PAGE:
Why you should be careful of fancy food trends
I recently met a woman who pulled me aside to ask me some questions about her two-year-old son.
She teared up, and confessed, “I skipped iron-fortified cereal because I was afraid of the arsenic. Now I regret it, because we went to a neurologist, and while rare, he verified a link with inadequate/low iron intake and the development of tics.”
I don’t know much about tics in young infants, but I do know about iron and the high requirement infants and young toddlers have for normal brain development, especially around six months of age when they start eating solid foods. From 6-12 months, iron requirements jump. While babies who drink iron-fortified formula will generally meet their iron needs, the breastfed baby needs supplemental iron sources, and this generally should come from iron-fortified cereal or pureed meats.
Yet, the trends say skip cereal, vilifying it as a contributor to obesity development or an unnecessary part of feeding. I rarely hear healthcare providers or parents promoting pureed meat as a first food (except researchers who recognize meats as an important source of both iron and zinc) as an alternative to skipping cereal.
Other feeding trends are afoot too, and some of them, while popular, concern me.
Trends like refusing to use the spoon to feed baby in the name of baby-led weaning, a feeding approach that is wonderful for helping baby self-regulate his food consumption but may fall short on important nutrients like iron and zinc. Or, getting stuck for too long in one stage of feeding, which may happen when parents become over-invested in making homemade baby food. The danger of this is that baby may not progress along the normal developmental stages of eating, including sophisticated textures and developing the all-important ability to chew, which is a precursor for learning to speak.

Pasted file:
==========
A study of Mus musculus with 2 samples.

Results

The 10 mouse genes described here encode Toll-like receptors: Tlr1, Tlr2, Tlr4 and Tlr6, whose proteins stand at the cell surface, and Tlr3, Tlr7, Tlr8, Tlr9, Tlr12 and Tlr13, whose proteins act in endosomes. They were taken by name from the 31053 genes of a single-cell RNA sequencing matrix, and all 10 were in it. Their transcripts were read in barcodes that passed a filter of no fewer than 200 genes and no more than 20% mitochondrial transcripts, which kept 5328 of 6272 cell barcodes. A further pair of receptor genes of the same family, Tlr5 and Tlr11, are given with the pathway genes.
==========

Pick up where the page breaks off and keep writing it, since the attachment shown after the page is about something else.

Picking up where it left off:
There’s a lot to do in the first year of life when it comes to feeding your baby. And there’s a lot of confusion about when to start foods and what to introduce.
One thing I think all parents can do is seek nutrition information from a trusted resource. And remember, just because something is trendy or popular doesn’t mean it’s right for your baby or toddler, or even has the research to back it up. It’s important to ask questions and verify the information.
Nutrition mishaps can happen but may not reveal themselves until later, such as the woman’s story above. Good nutrition isn’t about following the latest trends, it’s about making sure your child is getting the nutrients he or she needs, in a manner that supports the goal of independent eating, normal growth and development, and eating enjoyment.
I think the take-away is to realize that a lot of these “trends” are not trends at all – we’ve been feeding babies from the table and making our own homemade baby food for generations – and also to realize that it is not one size fits all. If you are a diehard BLW’er and yet your baby has no interest, it’s important to reevaluate your feeding plan. And if you are hung up on only purees yet your baby is launching himself over to your plate to grab some beans, it might be time to move on. I do think it’s great parents are thinking beyond the rice cereal box, and I wish more time was spent at well visits covering this super important topic so we can get our babies off to their healthiest starts!
This is a great article. It’s tough to figure out what to feed, especially given the vast amount of information out there. Many babies nearly exclusively breast fed in the latter half of their first year of life have little supplemental iron in their diet (either because they are picky or they simply are not supplemented with cereal or meats). Iron stores are usually sufficient up to 4 to 6 months of age. This makes checking for anemia (usually iron-deficiency anemia) at 9 to 12 months of age and again at 15 to 18 months of age important.
Thanks Dr. Morgan! Yes, checking for iron status is super important!